Consider the timeless and romantic figure of the pistolero. Striking in no manner, other than his poverty, he appears at the edge of town leading the haggard old mule that bears his few meager possessions. Ragged pantaloons, a bloodstained, dirty shirt that hangs on his bony frame, and boots that leave nail marks in the hardpan. He has no rig for his gun, so he tucks it into the rope that serves as his belt.
His weapon is simple in design, but it’s accurate, oiled, and balanced. Some of the men in town speculate that the chambers of the large-bore revolver might be empty, based on the stranger’s disheveled, worn appearance—after all, how does a man live past his thirtieth year and have so little to show—but they aren’t making any serious bets on the number of rounds in his gun. Besides, there’s no law against living a life of destitution—or even being beaten down by life, love, and the elements. The pistolero swiftly fades from the consciousness of anyone who has even bothered to notice him in the first place.
The man seeks a livery stable, but the town folk don’t really seem to understand the nature of his request. A young girl holding a basket of individual roses wrapped in cellophane asks to pet the mule, and gives the pistolero half a cigarette in exchange. Finding no place to properly care for the beast, he ties it to a bicycle rack and limps to the door of a package goods store for a taste of whiskey and a match to light the tobacco.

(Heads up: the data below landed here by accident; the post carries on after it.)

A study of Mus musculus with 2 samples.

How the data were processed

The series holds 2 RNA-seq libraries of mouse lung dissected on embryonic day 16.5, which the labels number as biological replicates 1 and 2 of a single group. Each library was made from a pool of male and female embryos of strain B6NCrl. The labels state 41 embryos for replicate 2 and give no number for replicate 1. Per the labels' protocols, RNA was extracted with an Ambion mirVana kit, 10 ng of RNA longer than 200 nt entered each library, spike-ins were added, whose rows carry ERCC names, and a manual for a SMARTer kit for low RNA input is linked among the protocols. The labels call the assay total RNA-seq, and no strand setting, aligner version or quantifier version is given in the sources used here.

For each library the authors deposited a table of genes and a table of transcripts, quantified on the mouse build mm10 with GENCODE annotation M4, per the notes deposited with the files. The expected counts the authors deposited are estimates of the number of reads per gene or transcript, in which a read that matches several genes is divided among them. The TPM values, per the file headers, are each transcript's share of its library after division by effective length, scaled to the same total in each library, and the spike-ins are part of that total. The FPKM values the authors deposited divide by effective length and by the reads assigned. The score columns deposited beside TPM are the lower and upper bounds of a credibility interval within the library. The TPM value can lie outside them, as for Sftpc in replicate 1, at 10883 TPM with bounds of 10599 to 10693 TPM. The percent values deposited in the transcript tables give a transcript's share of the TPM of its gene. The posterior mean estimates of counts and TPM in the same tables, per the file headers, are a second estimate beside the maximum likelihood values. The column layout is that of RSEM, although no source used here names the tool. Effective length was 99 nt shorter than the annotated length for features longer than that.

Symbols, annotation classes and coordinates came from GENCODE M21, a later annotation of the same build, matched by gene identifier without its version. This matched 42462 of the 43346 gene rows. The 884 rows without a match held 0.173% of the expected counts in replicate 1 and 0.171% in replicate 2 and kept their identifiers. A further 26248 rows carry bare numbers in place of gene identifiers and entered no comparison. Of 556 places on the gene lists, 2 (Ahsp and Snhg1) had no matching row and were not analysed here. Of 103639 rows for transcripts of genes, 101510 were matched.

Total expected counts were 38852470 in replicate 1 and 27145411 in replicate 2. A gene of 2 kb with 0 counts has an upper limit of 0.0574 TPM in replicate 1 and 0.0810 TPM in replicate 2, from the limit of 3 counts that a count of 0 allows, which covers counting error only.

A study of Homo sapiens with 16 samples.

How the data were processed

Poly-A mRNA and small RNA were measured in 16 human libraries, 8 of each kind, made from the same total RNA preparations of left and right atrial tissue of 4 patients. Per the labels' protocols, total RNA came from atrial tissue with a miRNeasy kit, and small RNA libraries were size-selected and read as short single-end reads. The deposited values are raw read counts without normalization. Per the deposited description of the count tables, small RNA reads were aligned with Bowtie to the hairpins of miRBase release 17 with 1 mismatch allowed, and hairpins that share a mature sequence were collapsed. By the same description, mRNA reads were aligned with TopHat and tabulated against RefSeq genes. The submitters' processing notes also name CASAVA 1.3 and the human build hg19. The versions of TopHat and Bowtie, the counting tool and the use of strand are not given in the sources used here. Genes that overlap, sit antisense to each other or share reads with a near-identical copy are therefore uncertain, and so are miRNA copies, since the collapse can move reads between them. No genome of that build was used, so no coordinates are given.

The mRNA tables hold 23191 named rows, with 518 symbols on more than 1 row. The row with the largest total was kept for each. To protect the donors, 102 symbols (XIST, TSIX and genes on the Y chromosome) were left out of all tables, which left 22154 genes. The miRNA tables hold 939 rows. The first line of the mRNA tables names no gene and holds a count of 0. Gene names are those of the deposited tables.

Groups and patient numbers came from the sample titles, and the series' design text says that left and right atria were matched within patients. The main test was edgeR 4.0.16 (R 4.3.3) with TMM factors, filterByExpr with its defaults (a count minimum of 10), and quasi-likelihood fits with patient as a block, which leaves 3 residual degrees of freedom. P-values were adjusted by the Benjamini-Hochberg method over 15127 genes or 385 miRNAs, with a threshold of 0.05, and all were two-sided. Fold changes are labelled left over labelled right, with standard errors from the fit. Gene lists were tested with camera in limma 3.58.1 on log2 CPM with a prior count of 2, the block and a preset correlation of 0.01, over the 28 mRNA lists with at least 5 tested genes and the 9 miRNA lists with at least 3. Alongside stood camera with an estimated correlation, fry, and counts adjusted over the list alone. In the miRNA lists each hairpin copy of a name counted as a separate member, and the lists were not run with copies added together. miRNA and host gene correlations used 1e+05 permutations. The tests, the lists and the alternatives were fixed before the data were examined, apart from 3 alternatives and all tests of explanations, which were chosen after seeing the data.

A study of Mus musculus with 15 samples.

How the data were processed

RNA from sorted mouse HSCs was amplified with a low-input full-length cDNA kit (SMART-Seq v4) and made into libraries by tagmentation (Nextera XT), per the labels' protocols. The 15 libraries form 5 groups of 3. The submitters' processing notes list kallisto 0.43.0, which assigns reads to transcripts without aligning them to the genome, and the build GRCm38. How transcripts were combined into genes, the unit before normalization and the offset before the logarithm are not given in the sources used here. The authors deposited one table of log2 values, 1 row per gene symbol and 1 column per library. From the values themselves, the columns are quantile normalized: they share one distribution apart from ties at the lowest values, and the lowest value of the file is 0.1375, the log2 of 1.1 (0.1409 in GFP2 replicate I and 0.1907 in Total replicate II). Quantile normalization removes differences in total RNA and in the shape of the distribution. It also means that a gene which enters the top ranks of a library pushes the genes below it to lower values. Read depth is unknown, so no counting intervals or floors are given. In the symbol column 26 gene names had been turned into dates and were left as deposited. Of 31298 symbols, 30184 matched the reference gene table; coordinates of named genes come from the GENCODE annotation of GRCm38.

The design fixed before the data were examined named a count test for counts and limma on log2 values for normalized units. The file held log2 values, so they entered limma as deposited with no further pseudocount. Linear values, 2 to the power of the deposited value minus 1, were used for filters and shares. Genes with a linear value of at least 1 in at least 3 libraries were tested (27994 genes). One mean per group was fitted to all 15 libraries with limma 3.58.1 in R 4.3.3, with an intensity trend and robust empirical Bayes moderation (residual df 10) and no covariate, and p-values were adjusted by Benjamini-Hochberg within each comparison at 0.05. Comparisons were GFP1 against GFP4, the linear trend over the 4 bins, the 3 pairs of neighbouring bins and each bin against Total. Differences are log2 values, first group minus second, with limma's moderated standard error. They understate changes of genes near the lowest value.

He’s not immediately welcomed, but on the off chance that he has a few coins to spend, the proprietor doesn’t run him off quite yet. Recognizing the potential peril that accompanies the presence of a weapon, the owner of the shop sees the gun as proof that the dusty traveler may still have a few assets left in this world. He tells the vagabond that he might even be willing to trade a couple of bottles of cheap liquor for the good piece of iron, but the pistolero refuses, and instead offers up his mule.
The thirsty pistolero eyes only the small bottles of liquor—those suited for hotel minibars and airplane carts—and asks about the prices. In his annoyance at what promises to be a near-profitless sale, the manager aggressively rattles off prices. Distracted, he doesn’t hear the rusty squeak of the back door being gently shouldered open by a third-party whose trespass can only signal ill intent.
The shopkeep holds up five fingers to indicate price for the two mini-bottles of mezcal that the tramp standing before him holds in his dirty fingers, but instead of reaching into his pocket, the pistolero draws his gun from his waist, levels it over the liquor man’s shoulder, and fires. The interloper, tall, swarthy, but no older than his late teens, drops to the ground, clutching the scarlet spot flowering from the center of his chest. Misreading the situation, the owner grabs the sawed-off shotgun behind the counter, only to find that the barrel of the pistolero’s revolver is pointed at his head.
The store owner stops. Take the liquor. Take the money. He will offer the pistolero all that he has under the bare, fluorescent bulbs just to be able to see his wife and children again.
But the pistolero has a code, and thieving isn’t a part of it. He pays for his purchase with five of his last seven dollars and walks out onto the street where the rose girl emerges from behind a pole that would only be sufficient to shield someone of her diminutive breadth. The pistolero thrusts the warm barrel back into his rope belt, stands with legs apart, shoulders set back, and ignites the torn cigarette as the amber light of the setting sun washes over his tattered rags. He nods once to the rose girl to let her know that the danger has passed. The young lady plucks a rose from her basket and tosses it in the air to the pistolero, but instead of reaching to the sky to catch the offering, he draws his gun and shoots it from the air.
The pistolero is a man who will only accept roses upon his death, and that will not be this day.